Earlier this week, Douyin, TikTok’s sister app in China, proudly announced new rules for AI-generated content. Like TikTok, Douyin is a enormous platform for publishing short-video content and it is eager to lead the way in setting standards addressing AI-generated content. In addition to 11 broad rules for its own platform, Douyin also released more detailed technical specifications for the creation of a uniform industry-wide labeling system for AI-generated content using watermarks and content metadata.

The Platform Norms can be viewed as a direct response to recent government efforts to regulate AI-generated content, including provisions on “Deep Synthesis” services that became effective in January of this year, and draft rules on “generative-AI” tools, which were available for public comment until May 10th. Both of these documents address computer-generated content, but the earlier document focuses more on applying China’s broader content regulation system into the AI-content generation context, while the latter emphasizes the development of content-generation tools themselves. Douyin’s rules implement many of the core requirements from these documents, including the need to create easy channels for user feedback and complaints, labeling AI, and preventing the spread of prohibited or misleading information. The Deep Synthesis rules themselves call for industry organizations to work towards setting standards, and Douyin seems to be taking the lead.

Labeling Requirements (4,9)

A two-tier labelling system for AI-generated content is emerging as a core component of the government’s regulatory strategy, including both technical labeling and visible labeling.

Technical labeling requires an indication included in metadata or code of any content that was created or edited using a machine-powered service. The labels should not impact users’ experience but are to be logged and traceable should problems with the content be discovered later.

Visible labeling is the conspicuous marking of machine-generated or manipulated content that is likely to mislead or confuse the public- a category seemingly broad enough to include all content that can be perceived by humans.

To comply with the labeling requirements, Douyin has standardized methods for labeling AI-generated content, both in file metadata (technical labeling) and using a uniform watermark (visible labeling).

Standardized methods for entering labels in metadata, if adopted by content generation applications, would allow platforms like Douyin to easily recognize AI-generated content, track it, and provide necessary labels etc.

A standardized visible watermark in a regular location would quickly become familiar and recognizable to users, avoiding potential confusion from diverse styles and placement of markers. As Douyin is a short video platform, their visible marker seems primarily at images and videos, rather than at audio content- which is addressed in their metadata label standards- or text.

Misinformation. 3, 5, 8, 11

Preventing the use of AI tools to generate false and misleading information is a global concern, and another focus of recent government action. China’s strict content regulation and censorship system is well-known, and this includes even criminal penalties to stop online ‘rumor spreading’ that causes a public disturbance. All general content restrictions apply regardless of how the content is created, and while the recent rules on AI-generated content do not seek to add restrictions, they aim to prevent the creation of prohibited content and to hold tool creators and providers responsible for identifying and stopping such content.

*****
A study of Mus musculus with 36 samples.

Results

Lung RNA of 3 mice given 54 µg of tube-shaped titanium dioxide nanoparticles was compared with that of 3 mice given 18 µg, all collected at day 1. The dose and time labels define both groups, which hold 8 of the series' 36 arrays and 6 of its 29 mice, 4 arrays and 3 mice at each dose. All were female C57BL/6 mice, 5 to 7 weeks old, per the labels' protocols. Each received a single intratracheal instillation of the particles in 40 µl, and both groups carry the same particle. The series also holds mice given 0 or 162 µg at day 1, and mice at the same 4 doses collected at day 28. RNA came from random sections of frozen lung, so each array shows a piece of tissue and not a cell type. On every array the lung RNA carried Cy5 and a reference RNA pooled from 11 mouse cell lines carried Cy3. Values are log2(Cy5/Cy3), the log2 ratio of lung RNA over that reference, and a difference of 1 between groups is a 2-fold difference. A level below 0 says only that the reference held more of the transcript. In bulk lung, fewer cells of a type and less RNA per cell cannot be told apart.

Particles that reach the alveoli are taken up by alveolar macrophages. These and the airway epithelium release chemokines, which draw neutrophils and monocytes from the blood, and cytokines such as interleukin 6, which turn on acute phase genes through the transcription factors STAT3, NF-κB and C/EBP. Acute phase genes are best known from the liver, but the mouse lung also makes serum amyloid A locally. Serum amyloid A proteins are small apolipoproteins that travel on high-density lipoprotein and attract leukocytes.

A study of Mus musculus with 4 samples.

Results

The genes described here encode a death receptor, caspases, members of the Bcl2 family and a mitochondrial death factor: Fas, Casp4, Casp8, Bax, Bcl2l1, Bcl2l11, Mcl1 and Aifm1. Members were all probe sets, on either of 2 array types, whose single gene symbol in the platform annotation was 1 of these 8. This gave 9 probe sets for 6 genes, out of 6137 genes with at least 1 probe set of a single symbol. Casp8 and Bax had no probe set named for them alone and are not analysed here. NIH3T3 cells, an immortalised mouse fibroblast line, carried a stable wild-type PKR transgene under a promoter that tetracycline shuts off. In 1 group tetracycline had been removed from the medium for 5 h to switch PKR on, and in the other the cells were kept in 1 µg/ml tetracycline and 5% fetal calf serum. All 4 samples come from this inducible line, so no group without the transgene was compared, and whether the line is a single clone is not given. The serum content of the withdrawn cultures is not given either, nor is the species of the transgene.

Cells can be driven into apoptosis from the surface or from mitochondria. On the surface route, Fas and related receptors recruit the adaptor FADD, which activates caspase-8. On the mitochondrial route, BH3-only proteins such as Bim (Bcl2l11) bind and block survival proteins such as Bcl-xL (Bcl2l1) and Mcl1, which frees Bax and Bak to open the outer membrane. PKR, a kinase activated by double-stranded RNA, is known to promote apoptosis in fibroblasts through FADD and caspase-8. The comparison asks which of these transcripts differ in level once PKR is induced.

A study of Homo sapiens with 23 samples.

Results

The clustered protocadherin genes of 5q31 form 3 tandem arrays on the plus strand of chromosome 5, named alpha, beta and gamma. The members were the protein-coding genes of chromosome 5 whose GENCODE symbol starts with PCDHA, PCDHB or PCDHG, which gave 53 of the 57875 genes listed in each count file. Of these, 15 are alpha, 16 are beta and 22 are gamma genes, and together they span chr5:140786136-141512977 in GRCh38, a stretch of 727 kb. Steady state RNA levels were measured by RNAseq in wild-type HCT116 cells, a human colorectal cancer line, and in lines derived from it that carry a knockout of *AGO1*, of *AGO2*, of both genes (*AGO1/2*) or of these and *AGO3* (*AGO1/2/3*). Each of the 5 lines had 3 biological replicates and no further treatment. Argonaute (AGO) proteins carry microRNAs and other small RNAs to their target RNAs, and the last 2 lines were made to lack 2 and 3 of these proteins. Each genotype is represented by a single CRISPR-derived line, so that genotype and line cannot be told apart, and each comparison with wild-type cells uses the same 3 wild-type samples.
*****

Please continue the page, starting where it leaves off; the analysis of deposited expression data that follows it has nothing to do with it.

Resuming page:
Douyin seems to introduce a slightly different standard, prohibiting spreading rumors and deception, but also content contrary to basic scientific knowledge. Singling out unscientific content is odd and vague, particularly as it is not even included in detailed content guidance specific to short video platforms. It may be that drafters were thinking of stopping ‘flat earth conspiracy’ content, but challenging the ‘known’ is as important a part of scientific progress as exploring the unknown. It’s also easy to see how social media discussion over “real” sexual and gender identity could fall afoul of such an idea.

Virtual Persons 6, 10, (and FAQ 5)

An interesting inclusion relates to the use of virtual persons. This term is translated sometimes as “avatars”, but is here referring to a simulated persona, not just the user profile image in social media apps, which is also sometimes called an ‘avatar’.  Virtual persons can be used in livestreaming, short videos, etc.

The rules require that a system for registering such virtual persons will be instituted, linking them to a user who has had their identity authenticated. Real-name registration systems are required for online services in China, including for the providers of AI-content generation tools and services. What’s new here is the emphasis on registering the persona itself as well, with the promise to protect their operators’ rights in the virtual likeness.

In the frequently asked questions section included with the rules, an additional requirement is added that in real-time interactions (as opposed to recorded videos, etc.) a human must be driving the virtual persons’ interactions, and they must not be fully automated.

Rights Protection 1, 7, 11

While they broad rules don’t say much, they emphasize the protection of intellectual property and likeness rights in Ai-generated content. The CAC’s draft generative AI rules have rules concerning the protection of such rights in both training data and outputs. The full scope of protections intended here is not yet clear.





He translates, writes, edits, does web-design, graphic design, billing, tech support, and social media outreach for China Law Translate.